Interesting Things This Week

Link dump of some cool, interesting, encouraging, and/or insightful things I came across this week.

Why English majors make lousy fundamentalists by Morgan Guyton from Mercy Not Sacrifice

This might be my favorite thing this week. First, Morgan talks about personality type (which I have an unhealthy obsession with). Then, he goes on to explain some of the nuance, beauty, and depth of meaning that is lost when you read the Bible in certain ways. I may not agree with every interpretive example Morgan uses, but that’s not the point. The point is that you have to understand something about literature in order to have a fuller understanding of the Bible.

When the Bible is “nothing but the facts,” then it’s been robbed of a critically important layer of its beauty.

Wanna Save Marriage? Stop Patronizing Women by Yaholo Hoyt from Red Letter Christian

Yaholo takes a look at how seemingly self-deprecating jokes can further the tension and misunderstanding between men and women. It amazes me that certain Christian cultures continue to paint women as overly emotional, unreasonable, and downright crazy when that same culture claims men are the ones who are unable to control their animal urges (which is why I’m supposed to wear floor length skirts).

We may get a chuckle with our little “guys are stupid” and “women are crazy” jokes, but they are pointing to a major problem. The picture often painted by church culture is that women are unreasonable and over-emotional. Therefore, the only way to a healthy marriage is seen as the man just making sure to be “humble” and apologize a lot. This kind of thinking leads to growing resentment on both sides.

Who are the meek? by Paul Walker from As above, so below

I’ve been studying the Beatitudes lately and came across this post. Not only does Paul do a great job of explaining what “meek” means, he also asked, “Christian scholars, leaders, bloggers and authors to ‘tweet’ me their definition of meek”. He did a wonderful job of pulling everything together and it was interesting to see what the experts thought.

The Extra Burdens Faced by Young People with Chronic Illness by Toni Bernhard, J.D. from Turning Straw into Gold  on Psychology Today

I’ve lost count of how many people have said, “Oh, you’re too young for that. You should just exercise more and you’ll be fine.” (Sure, exercise will magically rewrite my DNA.)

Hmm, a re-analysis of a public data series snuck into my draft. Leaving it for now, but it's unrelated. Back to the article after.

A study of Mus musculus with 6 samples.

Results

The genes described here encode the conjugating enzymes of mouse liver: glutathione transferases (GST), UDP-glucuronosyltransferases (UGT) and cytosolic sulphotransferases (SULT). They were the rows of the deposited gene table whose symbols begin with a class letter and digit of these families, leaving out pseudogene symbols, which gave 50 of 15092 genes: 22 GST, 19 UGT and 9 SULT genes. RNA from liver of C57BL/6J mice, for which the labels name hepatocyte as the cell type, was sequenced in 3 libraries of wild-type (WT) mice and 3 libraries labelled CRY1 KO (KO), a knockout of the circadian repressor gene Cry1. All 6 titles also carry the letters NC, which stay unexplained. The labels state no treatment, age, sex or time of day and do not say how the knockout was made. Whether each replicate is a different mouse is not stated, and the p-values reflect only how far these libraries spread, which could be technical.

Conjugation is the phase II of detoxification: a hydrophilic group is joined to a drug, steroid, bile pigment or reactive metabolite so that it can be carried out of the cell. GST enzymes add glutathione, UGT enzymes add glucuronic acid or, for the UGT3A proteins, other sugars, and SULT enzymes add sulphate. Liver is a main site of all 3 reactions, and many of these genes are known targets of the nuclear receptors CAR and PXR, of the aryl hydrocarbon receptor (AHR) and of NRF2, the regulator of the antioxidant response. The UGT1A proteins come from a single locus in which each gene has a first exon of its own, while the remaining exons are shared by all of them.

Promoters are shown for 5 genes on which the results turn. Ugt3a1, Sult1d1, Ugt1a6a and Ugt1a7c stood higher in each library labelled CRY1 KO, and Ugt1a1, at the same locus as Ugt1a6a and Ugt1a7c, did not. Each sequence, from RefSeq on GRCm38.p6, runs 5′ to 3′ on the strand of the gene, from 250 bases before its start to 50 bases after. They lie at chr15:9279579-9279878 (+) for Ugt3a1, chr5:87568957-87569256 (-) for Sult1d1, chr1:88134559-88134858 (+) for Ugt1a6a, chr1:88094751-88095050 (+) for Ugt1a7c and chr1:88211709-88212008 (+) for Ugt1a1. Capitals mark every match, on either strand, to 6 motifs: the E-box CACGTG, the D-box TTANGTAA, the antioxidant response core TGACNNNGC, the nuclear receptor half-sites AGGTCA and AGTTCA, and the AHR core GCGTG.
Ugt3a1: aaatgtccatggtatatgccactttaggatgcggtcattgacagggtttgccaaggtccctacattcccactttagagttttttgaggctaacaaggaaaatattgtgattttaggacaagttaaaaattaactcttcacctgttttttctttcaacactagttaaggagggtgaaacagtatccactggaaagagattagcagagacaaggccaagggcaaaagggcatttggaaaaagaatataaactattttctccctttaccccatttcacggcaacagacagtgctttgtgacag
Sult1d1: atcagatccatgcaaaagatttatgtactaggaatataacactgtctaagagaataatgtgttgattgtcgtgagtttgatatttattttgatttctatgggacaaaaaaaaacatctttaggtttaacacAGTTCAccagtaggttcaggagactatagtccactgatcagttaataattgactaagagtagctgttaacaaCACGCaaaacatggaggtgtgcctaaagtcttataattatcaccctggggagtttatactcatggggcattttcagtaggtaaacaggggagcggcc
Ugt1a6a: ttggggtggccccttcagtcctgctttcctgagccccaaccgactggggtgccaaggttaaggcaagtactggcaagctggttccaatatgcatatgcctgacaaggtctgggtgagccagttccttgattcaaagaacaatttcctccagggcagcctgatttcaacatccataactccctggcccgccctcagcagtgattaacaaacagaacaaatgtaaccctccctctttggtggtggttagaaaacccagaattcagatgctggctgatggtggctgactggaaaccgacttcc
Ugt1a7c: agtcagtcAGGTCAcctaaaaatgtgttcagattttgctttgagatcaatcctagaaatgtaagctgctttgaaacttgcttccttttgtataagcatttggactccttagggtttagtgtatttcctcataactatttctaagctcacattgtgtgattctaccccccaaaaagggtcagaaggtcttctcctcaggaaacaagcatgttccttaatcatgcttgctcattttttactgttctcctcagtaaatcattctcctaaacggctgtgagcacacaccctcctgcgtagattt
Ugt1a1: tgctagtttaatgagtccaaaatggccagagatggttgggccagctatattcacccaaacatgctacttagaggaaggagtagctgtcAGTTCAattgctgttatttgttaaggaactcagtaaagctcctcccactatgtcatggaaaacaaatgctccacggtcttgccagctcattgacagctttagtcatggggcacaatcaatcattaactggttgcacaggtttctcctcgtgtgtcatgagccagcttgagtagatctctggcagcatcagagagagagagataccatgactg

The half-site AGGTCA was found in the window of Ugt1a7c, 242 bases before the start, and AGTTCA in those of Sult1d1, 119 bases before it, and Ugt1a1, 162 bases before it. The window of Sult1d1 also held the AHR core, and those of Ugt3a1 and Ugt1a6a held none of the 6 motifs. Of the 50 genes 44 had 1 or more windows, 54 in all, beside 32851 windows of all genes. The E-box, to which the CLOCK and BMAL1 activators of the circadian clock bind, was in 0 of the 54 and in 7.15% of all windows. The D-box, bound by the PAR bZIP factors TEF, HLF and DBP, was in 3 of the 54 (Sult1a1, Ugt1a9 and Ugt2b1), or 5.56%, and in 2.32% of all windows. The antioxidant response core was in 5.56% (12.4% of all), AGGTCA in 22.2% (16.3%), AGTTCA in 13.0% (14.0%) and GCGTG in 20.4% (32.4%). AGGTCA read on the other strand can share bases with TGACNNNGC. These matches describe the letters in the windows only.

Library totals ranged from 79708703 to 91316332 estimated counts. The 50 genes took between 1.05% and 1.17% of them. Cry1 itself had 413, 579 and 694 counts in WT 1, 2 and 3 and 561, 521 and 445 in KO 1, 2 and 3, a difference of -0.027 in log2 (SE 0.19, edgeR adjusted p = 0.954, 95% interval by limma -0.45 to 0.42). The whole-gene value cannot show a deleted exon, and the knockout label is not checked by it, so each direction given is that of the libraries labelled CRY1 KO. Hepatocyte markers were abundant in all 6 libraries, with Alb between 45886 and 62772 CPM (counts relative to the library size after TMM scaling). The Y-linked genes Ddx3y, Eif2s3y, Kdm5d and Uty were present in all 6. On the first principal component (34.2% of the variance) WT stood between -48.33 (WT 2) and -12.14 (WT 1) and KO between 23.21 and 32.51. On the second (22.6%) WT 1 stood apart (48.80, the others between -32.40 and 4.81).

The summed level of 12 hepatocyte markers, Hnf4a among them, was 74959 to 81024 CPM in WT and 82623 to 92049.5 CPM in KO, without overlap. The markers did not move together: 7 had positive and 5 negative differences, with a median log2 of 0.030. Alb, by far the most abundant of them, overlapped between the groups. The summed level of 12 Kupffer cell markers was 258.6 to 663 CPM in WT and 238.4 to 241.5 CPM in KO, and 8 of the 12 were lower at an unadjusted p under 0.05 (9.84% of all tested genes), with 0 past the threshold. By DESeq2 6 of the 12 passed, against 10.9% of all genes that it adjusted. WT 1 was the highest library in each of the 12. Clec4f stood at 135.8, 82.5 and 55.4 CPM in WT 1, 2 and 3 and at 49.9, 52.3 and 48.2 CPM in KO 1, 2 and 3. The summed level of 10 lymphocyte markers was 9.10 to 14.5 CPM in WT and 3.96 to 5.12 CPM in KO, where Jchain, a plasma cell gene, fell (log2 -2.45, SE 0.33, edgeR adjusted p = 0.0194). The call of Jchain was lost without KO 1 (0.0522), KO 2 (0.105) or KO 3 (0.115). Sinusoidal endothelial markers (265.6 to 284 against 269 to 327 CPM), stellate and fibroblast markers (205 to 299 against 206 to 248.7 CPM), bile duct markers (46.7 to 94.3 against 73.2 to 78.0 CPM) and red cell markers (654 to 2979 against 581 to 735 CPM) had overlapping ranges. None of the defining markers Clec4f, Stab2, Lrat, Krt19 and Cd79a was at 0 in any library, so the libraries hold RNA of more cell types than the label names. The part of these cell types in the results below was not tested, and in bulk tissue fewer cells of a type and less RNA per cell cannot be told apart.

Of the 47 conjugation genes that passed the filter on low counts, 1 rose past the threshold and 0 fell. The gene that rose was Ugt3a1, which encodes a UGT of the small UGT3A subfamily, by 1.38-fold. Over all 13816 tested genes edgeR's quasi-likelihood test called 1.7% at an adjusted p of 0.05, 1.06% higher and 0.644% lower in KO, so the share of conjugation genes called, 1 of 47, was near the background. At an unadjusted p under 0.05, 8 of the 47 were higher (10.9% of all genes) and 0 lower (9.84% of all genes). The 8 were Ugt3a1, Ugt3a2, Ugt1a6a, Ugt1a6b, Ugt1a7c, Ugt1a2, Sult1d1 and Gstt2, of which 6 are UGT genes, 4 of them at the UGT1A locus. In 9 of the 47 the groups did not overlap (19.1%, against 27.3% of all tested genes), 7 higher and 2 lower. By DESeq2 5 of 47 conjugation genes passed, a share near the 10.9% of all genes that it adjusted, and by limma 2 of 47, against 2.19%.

This ignorance about young people with chronic illness has other consequences. Several young people have told me that they’ve been openly challenged when they park in a disabled spot, even though they have the required placard or sticker… A young woman with multiple sclerosis told me that someone spit on her when she didn’t give up her seat to an older person on the subway.

When God Calls a Complementarian Woman into Ministry by April Fiet at the Junia Project

I appreciate April’s honesty and her willingness to go into ministry despite her reservations. I’ve often seen woman ministers painted as prideful, power-hungry, militant feminists that are trying to wrest power away from men. April’s story doesn’t look anything like that.

I had already come to realize that you could take God’s Word seriously and believe that women could be used in church leadership. I wasn’t doing it because it was easier to follow cultural trends of equality.  I was being faithful to God’s calling and the Bible.

The Church Can’t Afford the Muskox Model by Jayson D. Bradley

I’ve been known to go off on rants about how Christians tend to view anyone who isn’t exactly like them as “that other group”. I get frustrated when we start other-ing instead of trying to understand and love. Christian culture has taken “in the world, but not of the world” to the extreme in some cases. A friend of mine flipped that phrase around in a way I thought summed it up even better “of the world, but not in the world”. We have Christianized everything that the “world” has to offer, but we keep ourselves separate so that we don’t have to actually interact with the world. That separation is more illusion than anything. We just stamp CHRISTIAN on everything that pop culture has to offer and hide out among our “own kind” so that Christianity won’t actually cost us something.

The problem with adopting the defensive strategy of the muskox is that we begin to live at odds with the message we say we believe. We talk a big game about taking care of the poor, but talk down to people who live on government subsidies. We speak endlessly about grace and forgiveness, but refuse to let people experience it until they’ve become a muskox themselves.

101 Amazing Facts from mental_floss

I really like random bits of trivia. I know way too many completely useless facts, but I just can’t help myself when I come across more of them.

Most Shocking Second a Day Video

War always involves civilians. When we’re talking about war, we can’t forget that.